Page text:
Big thanks to Backcountry Access for sponsoring this avalanche education content. Check out the additional plethora of avalanche safety resources on their website.
We’re looking forward to a fun winter of comparative gear testing here at WildSnow.com world headquarters. A full gamut of backcountry skiing randonnee bindings are ready to go — everything from the Black Diamond Fritschi Freeride and Explore, Dynafits, all the Silvretta Pure models, and both Naxo offerings. Every binding is sitting on a shelf in my shop, patiently waiting for their honored location on a cool pair of planks. For that, we’re mounting a variety of skis. Here is the rundown so far:
For boots, I’m planning on running the Dynafit Freeride, Garmont Megaride, Scarpa F1, and perhaps a Scarpa Tornado for a one-rig setup if the ski lifts seduce me (this pesky season pass is staring me in the face, perhaps I should hide it from my sight?).
Avalanche safety musings:
Heading up to the season kickoff avy seminar tonight in Aspen. Thinking. Is there ANY way to help prevent some of these stupagedys (stupid tragedy) from happening every winter? You know, stuff like guys who own beacons but don’t wear them, guides getting people caught, kids skiing corn snow during afternoon heat, etcetera?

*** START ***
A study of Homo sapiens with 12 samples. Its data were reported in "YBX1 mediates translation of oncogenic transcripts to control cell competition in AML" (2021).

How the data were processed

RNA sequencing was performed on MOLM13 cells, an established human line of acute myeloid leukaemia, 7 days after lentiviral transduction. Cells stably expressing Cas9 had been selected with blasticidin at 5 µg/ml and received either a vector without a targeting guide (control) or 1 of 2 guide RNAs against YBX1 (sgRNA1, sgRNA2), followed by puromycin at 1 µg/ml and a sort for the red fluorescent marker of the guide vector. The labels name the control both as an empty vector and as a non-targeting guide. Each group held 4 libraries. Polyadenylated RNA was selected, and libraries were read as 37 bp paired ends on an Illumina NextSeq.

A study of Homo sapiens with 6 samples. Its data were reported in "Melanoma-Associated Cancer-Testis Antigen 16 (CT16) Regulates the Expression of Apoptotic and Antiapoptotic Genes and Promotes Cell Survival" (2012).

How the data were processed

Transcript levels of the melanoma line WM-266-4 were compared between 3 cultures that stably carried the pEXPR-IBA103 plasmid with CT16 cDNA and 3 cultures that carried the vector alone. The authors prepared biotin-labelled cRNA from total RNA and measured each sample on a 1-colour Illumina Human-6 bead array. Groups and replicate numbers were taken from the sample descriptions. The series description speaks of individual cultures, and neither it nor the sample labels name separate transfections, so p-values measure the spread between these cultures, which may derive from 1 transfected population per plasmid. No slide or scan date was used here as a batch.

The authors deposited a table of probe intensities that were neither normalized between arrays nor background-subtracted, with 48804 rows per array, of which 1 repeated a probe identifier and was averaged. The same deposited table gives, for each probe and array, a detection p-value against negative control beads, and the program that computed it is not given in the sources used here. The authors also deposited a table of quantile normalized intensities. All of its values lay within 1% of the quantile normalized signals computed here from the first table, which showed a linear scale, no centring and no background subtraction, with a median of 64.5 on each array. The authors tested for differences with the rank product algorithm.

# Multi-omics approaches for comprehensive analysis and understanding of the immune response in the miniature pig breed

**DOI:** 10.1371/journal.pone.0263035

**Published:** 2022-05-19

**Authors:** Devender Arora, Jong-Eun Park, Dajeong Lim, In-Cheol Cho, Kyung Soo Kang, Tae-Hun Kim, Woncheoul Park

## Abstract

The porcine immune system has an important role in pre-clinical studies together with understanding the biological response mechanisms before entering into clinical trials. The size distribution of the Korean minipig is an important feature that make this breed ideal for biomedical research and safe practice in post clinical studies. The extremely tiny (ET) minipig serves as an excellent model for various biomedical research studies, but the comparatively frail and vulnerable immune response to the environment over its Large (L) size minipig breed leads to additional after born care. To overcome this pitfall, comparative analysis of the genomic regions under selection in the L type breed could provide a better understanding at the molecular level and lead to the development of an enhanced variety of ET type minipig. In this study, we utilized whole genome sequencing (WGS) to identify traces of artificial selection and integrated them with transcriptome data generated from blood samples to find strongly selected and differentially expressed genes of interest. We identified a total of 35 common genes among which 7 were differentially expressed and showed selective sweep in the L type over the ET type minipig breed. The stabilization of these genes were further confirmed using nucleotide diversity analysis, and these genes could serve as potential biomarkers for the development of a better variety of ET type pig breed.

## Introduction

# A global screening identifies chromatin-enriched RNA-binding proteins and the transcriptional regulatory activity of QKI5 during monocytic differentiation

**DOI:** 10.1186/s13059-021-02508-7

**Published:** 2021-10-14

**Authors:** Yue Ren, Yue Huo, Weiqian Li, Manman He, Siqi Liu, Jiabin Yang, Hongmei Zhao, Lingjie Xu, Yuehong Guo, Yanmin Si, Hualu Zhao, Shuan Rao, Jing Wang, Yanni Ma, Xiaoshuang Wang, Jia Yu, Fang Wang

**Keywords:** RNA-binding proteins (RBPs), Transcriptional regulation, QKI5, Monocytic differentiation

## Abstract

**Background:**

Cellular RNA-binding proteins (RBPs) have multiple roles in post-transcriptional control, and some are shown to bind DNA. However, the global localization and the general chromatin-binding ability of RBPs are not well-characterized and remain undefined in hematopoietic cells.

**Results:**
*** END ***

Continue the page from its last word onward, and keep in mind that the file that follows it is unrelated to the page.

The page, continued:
I did a stupagedy once myself, and not a winter goes by when I don’t think of what, if anything, someone could have told me that would have kept me out of stupid trouble. In my case, I was either ignorant or in denial about how much risk I was really taking. If nothing else, that’s what I hope can be conveyed to Colorado skiers this winter. It is stunning. In the Aspen area with it’s scary Colorado snowpack, there is more statistical likelihood of being killed in a backcountry skiing avalanche over that of being killed in a car crash! That’s just sick. We go out to do something that’s supposed to be so healthy — even spiritually fulfilling, and it’s more dangerous than driving? Perhaps we need a Ralph Nader of backcountry skiing? Please Nooooo. Let’s take care of ourselves and our friends — and do it with intention.